Within this series that I have been writing, I have been trying to connect the dots to show the contrast between:
- the scientific, documented research for over 110 years of multiple personalities and members of the psychiatric community who support recovery for adult survivors of child abuse with
- members of the False Memory Syndrome Foundation (FMSF) who come to the defense of alleged child molesters.
FMSF members have operated in full view with an air of respectability while at the same time have worked very hard behind closed doors to silence therapists and ultimately survivors. It is very insidious behavior, but since the media will not conduct an in depth honest analysis of these issues, the uninformed public believes what they read and hear.
The statistics on DID (Dissociative Identity Disorder) state: “The prevalence of dissociative disorders (DD) in clinical settings ranges between:
- 5-21% among inpatients,
- 12-38% among outpatients, and
- 35% among patients presenting to a psychiatric emergency room.”
In spite of all their efforts, the FMSF have been unable to delete DID from the “bible” of psychiatric listings of disorders – the DSM.
In 1980, the diagnosis of MPD (Multiple Personality Disorder) was included in the psychiatric book of treatable diagnoses – the DSM III. In 1994, the MPD diagnosis was renamed Dissociative Identity Disorder (DID) in the DSM IV. The DSM V was released May 18, 2013 and still carries the DID diagnosis.
Changes from the DSM I to the DSM II
The first time there was mention of “multiple personalities” in the DSM was in Volume II under the heading of Neuroses (300). On page 39, are the subheadings including “hysterical neurosis conversion type (300.13).” As a subheading under this was “hysterical neurosis dissociative type (300.14) which was described as “In the dissociative type, alterations may occur in the patient’s state of consciousness or in his identity, to produce such symptoms as amnesia, somnambulism, fugue and multiple personalities.”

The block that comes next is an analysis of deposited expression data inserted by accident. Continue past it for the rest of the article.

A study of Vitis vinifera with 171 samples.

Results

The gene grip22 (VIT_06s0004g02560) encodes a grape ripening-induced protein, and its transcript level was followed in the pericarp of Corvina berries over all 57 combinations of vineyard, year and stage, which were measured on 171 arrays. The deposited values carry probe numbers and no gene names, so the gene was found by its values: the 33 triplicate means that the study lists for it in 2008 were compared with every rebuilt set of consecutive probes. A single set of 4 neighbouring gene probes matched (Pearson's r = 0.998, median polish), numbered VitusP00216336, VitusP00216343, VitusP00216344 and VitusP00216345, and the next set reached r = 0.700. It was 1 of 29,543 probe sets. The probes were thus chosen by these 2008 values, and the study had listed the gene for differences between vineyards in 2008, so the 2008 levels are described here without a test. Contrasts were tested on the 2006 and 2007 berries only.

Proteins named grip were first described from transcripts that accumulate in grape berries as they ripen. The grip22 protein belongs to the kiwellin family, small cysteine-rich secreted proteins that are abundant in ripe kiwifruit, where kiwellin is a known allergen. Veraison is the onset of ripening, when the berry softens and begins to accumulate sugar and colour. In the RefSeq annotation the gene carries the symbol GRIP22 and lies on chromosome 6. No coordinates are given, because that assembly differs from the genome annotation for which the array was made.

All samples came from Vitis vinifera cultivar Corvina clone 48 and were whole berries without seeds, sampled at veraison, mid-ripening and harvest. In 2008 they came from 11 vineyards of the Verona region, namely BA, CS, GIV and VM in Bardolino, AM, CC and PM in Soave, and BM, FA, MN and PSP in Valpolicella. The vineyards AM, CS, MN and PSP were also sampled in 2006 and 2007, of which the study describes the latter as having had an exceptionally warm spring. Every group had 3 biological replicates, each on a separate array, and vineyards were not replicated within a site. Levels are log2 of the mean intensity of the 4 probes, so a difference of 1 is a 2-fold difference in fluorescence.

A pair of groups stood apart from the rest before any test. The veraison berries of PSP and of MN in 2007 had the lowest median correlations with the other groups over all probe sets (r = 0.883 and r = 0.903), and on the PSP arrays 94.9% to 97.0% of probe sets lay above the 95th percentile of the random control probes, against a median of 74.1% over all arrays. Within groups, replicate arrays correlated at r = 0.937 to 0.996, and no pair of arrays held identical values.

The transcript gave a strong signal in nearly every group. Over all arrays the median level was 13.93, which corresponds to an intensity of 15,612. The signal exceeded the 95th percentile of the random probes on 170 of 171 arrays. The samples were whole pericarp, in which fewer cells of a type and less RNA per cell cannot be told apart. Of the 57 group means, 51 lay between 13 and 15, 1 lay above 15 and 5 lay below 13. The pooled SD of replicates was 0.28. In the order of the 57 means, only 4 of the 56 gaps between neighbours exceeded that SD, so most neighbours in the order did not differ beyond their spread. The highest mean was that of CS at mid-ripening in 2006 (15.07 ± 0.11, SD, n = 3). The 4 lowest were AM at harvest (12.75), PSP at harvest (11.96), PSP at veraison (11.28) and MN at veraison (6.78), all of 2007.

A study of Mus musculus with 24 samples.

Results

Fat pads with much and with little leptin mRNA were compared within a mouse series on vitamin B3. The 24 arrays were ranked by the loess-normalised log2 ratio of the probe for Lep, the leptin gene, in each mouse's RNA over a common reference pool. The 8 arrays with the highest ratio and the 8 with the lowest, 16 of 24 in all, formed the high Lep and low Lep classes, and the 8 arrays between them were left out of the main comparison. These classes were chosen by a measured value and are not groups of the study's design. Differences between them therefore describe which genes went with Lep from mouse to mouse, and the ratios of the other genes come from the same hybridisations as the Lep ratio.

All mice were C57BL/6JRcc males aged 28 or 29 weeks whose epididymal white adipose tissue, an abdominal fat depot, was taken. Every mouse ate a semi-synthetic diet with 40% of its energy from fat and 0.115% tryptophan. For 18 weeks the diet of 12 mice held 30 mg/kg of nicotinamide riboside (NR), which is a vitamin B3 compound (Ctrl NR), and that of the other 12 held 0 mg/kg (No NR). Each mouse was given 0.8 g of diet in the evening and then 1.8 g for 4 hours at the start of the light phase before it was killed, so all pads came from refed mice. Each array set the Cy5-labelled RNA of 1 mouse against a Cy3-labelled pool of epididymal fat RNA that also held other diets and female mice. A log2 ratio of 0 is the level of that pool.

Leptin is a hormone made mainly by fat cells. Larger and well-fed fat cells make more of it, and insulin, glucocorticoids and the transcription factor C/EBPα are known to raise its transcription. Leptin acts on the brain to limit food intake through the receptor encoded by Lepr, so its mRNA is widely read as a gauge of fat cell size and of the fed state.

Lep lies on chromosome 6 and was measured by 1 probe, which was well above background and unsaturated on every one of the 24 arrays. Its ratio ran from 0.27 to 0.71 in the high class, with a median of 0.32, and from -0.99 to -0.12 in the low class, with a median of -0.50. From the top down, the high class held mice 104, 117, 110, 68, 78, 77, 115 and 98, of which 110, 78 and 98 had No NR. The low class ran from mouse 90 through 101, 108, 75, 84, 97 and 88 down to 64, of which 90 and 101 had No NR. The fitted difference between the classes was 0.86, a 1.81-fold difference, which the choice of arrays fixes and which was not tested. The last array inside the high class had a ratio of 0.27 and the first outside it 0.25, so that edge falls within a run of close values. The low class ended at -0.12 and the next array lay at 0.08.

Changes from the DSM II to DSM III
It was in 1980 that multiple personality disorder was finally recognized as a condition on its own. The DSM III changed multiple personalities from a symptom of “hysterical neurosis conversion type” to its own diagnosis which they called Multiple Personality Disorder.
Changes from the DSM III to the DSM IV
DID was called Multiple Personality Disorder until 1994, when the name was changed to reflect a better understanding of the condition—namely, that it is characterized by a fragmentation, or splintering, of identity rather than by a proliferation, or growth, of separate identities.
Changes from the DSM IV to DSM V
The following changes to the DSM IV were suggested by the DSM IV work committee.
- Clarification of language,
- Different states can be reported or observed including trance and possession,
- Mention of experienced of possession increases global utility,
- Amnesia for everyday events is a common feature, and
- Differentiate normative cultural experiences from psychopathology.
Even though the diagnosis of Dissociative Identity Disorder has been recognized and patients have been treated for the disorder since 1980 (over 35 years), there are still those who deny the validity of the diagnosis and who are working to eliminate it.
I will say this again, I was diagnosed for DID, worked with a trained expert therapist, and integrated about 20 personalities/alters. If I had not done that, I would not be leading the fulfilling life I have today. I was blessed and am giving back to those who desperately need help and will continue my journey by speaking truth to the falsehoods of those not only not equipped to treat DID, but to those who keep working to fool the uninformed public about this devastating illness.
 “A Naturalistic Study of Dissociative Identity Disorder and Dissociative Identity Disorder Not Otherwise Specified Patients Treated by Community Clinicians,” Psychological Trauma: Theory, Research, and Policy, 2009, Vol. 1, No.2, 153-171.